HAMPTON ROADS, Va. (WAVY) — Two local Peninsula police chiefs were recently invited to the White House to discuss 21st century community policing.
“It’s very evident that in no time in policing’s history has it been more important that we focus on things such as relationship and trust building,” said Newport News Police Chief Richard Myers.
Myers, along with Hampton Police Chief Terry Sult, were on a short list of chiefs from around the country to be part of the discussion.
“We have to constantly evolve,” Sult added. “We have to constantly evolve to the expectations of the public. We are the public’s police department.”
The chiefs agree that this is the most difficult time ever to be in law enforcement. Officers now have to not only be focused on answering calls, but also getting out of the car and getting to know the people they protect.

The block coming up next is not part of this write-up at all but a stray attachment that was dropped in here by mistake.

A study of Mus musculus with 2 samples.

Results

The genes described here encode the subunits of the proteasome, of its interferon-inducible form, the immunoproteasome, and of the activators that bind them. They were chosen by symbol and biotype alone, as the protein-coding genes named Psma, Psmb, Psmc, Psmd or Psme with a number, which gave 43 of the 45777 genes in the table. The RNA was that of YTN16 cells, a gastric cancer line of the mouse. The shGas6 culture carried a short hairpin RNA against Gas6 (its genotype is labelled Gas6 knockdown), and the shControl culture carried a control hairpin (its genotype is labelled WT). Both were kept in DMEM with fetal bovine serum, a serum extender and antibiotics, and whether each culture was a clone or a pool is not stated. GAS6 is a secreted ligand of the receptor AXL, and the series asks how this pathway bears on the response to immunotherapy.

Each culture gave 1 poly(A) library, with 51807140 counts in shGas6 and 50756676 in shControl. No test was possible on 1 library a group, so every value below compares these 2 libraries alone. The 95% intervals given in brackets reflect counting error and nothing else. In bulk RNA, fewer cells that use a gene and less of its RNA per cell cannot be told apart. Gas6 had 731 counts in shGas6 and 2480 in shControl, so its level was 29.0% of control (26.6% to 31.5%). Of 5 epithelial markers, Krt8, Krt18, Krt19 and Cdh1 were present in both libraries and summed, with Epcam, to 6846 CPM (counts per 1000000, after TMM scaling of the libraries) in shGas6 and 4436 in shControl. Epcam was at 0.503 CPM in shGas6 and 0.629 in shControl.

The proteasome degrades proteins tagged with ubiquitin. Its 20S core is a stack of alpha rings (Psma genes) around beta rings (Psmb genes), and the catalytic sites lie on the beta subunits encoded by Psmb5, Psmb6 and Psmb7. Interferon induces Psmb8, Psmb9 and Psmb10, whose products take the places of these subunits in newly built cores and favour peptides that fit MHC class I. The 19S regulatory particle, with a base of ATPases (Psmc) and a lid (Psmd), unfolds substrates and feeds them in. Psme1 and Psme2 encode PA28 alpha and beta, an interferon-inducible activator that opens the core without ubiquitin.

“Well, they get to know who their police officers are,” Sult said. “They got to have trust in their police department.”
Myers says with trust, comes being able to solve more crimes.
“We will never finish learning and applying new techniques and looking at new strategies,” Myers added.
Myers and Sult say they travel a lot together. They say it gives them a change to bounce new ideas off each other.
“On the ride back from the meeting, we are able to kick around ideas,” Myers said.
“It speaks volumes that we are traveling together and we are attending together, but I think it is just the White House underscoring the importance of this initiative,” Sult added.
Sult was also asked to give a presentation on his department’s “Open Data Project”. Sult says it is all about releasing as much data at possible to the community.